The federal government will make determinations for states that participate in the federal exchange and for many states that have deferred that authority to the government the first year of the program. But in the future, those states with their own exchanges who don’t support the law could use the exemption to provide a lot of leeway.

“When you have a very vague term like this exemption 14, the devil could be in the details on how it is implemented,” Mr. Lawrence said. “But that is one place where a different administration or state with a more- or less-favorable view might take a different approach to implementing it.”

Mr. Lawrence also said there’s a precedent from Massachusetts, which enacted a universal health reform in the last decade. Very few people claimed a similarly loosely-worded exemption.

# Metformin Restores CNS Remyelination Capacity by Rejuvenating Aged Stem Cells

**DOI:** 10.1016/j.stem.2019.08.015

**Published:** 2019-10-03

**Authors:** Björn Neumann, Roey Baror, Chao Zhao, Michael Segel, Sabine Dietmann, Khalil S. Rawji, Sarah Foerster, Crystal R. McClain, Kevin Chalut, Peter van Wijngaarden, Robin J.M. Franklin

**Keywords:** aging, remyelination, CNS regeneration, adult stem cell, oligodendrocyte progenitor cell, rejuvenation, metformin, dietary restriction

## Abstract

While the state approved a large percentage of those who applied for a hardship exemption, few went through the trouble of applying, Mr. Lawrence said.

But that was in Massachusetts, where most people approved of those health reforms. Nationally, where Obamacare is less popular, more people might apply for exemptions in an effort to avoid compliance, he said.

Joanne Peters, a spokeswoman from HHS, said the exemptions are meant to benefit a limited number of people who experience real hardships that make it difficult to get insurance.

“The Affordable Care Act requires people who can afford insurance to buy it, so that their medical bills are not passed onto the rest of us, which drives up health care costs for everyone,” she said. “This form, which was published last December, allows a limited number of individuals who are facing hardship to apply for an exception.”